Exoplanets can be detected from a time series of stellar spectra by looking for small, periodic shifts in the absorption
features that are consistent with Doppler shifts caused by the presence of an exoplanet, or multiple exoplanets, in the
system. While hundreds of large exoplanets have already been discovered with the Doppler technique (also called radial
velocity), our goal is to improve the measurement precision so that many Earth-like planets can be detected. The smaller
mass and longer period of true Earth analogues require the ability to detect a reflex velocity of ~10 cm/s over long time
periods. Currently, typical astronomical spectrographs calibrate using either Iodine absorptive cells or Thorium Argon
lamps and achieve ~10 m/s precision, with the most stable spectrographs pushing down to ~2 m/s. High velocity
precision is currently achieved at HARPS by controlling the thermal and pressure environment of the spectrograph.
These environmental controls increase the cost of the spectrograph, and it is not feasible to simply retrofit existing
spectrometers. We propose a fiber-fed high precision spectrograph design that combines the existing ~5000-6000 A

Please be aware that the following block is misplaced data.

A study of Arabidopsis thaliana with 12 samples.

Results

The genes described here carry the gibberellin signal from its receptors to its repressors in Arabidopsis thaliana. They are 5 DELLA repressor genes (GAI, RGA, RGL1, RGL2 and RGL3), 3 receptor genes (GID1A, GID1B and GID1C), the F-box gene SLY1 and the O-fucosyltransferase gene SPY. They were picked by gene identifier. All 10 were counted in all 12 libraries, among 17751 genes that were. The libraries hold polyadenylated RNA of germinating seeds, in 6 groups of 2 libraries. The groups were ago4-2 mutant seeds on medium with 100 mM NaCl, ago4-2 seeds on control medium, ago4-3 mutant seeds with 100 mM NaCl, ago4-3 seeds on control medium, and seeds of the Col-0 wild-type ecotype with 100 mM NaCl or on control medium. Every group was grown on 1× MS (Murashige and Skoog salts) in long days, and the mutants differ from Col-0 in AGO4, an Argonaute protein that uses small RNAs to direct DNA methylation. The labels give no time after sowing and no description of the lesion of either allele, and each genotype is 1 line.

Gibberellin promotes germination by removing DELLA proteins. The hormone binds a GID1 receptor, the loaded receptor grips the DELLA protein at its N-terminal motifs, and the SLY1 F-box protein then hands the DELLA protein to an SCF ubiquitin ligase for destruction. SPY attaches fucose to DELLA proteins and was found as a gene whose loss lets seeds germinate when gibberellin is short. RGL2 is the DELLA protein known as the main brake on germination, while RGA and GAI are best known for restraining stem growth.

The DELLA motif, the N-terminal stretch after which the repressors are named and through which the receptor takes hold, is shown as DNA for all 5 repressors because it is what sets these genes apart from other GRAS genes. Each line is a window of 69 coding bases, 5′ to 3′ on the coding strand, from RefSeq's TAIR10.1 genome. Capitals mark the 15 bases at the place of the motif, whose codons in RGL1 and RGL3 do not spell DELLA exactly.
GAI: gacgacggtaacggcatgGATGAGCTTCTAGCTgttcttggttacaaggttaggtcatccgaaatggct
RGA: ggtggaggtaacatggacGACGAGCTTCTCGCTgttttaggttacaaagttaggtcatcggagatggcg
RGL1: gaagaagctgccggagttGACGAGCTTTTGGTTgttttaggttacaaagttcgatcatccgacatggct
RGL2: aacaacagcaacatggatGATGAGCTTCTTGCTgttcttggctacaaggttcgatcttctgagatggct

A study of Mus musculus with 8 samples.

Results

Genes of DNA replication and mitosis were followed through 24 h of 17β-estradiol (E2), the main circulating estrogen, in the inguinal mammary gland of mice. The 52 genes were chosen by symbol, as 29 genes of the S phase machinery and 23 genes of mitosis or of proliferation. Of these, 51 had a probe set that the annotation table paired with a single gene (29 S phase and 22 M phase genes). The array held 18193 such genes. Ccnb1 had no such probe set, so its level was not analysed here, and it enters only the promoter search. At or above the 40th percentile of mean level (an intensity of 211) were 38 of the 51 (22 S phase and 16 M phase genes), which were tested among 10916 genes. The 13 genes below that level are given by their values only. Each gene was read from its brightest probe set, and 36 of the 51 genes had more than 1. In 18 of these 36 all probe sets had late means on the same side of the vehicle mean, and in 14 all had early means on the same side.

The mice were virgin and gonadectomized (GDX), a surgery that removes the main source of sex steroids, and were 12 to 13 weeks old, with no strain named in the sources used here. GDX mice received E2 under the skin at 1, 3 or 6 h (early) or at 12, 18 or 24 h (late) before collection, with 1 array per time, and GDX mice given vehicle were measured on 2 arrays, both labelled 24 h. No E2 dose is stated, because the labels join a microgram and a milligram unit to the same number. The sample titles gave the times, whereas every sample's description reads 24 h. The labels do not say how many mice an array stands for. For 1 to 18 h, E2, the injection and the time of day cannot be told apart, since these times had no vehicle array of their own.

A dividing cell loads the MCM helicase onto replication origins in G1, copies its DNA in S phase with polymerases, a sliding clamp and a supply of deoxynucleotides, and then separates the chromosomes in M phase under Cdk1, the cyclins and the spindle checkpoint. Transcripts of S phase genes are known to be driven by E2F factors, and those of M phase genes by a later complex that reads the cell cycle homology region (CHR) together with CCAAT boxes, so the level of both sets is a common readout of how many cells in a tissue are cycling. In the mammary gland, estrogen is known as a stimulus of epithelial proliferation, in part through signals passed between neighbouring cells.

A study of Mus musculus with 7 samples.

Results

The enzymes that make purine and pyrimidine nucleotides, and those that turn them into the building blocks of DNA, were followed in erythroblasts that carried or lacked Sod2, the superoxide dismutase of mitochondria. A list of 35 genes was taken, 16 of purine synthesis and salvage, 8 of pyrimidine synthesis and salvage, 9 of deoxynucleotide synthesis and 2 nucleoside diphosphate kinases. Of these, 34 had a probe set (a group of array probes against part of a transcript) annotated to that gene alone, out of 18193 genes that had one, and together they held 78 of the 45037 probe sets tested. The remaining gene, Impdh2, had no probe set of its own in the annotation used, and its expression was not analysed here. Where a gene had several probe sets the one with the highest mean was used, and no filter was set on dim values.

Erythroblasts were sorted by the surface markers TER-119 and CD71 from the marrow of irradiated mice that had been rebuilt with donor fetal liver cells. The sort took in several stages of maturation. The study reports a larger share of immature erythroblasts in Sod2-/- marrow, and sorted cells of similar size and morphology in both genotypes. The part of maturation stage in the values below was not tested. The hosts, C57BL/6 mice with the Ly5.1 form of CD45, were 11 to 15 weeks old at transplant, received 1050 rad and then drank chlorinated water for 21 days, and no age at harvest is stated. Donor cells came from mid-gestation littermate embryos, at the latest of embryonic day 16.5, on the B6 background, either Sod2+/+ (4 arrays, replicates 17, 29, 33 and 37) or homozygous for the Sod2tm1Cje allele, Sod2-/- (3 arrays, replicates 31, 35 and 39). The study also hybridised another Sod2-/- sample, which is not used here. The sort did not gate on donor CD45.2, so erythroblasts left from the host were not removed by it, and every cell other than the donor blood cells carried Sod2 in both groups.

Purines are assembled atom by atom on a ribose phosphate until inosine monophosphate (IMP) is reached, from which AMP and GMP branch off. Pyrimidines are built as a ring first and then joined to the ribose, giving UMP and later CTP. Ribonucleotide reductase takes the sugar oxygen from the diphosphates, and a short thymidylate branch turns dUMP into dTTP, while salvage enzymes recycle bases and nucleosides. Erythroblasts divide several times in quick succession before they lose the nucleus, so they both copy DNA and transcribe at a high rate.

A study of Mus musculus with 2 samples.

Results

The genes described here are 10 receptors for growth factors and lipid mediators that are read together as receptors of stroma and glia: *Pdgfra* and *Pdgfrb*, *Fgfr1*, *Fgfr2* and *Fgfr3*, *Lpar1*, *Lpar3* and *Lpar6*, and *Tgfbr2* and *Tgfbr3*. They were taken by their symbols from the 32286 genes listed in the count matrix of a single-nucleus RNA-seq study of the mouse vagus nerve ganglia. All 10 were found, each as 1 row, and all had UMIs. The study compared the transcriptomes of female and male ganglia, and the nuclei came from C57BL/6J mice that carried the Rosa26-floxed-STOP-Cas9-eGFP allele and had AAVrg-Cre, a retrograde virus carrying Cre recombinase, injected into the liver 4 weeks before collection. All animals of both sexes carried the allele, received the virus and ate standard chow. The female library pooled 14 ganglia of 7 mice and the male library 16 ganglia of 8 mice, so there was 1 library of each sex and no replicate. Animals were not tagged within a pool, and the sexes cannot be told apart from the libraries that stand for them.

Iodine calibration system with a high-precision Laser Frequency Comb (LFC) system from ~6000-7000 A that just
meets the redward side of the Iodine lines. The scientific motivation for such a system includes: a 1000 A span in the red
is currently achievable with LFC systems, combining the two calibration methods increases the wavelength range by a
factor of two, and moving redward decreases the "noise" from starspots. The proposed LFC system design employs a
fiber laser, tunable serial Fabry-Perot cavity filters to match the resolution of the LFC system to that of standard
astronomical spectrographs, and terminal ultrasonic vibration of the multimode fiber for a stable point spread function.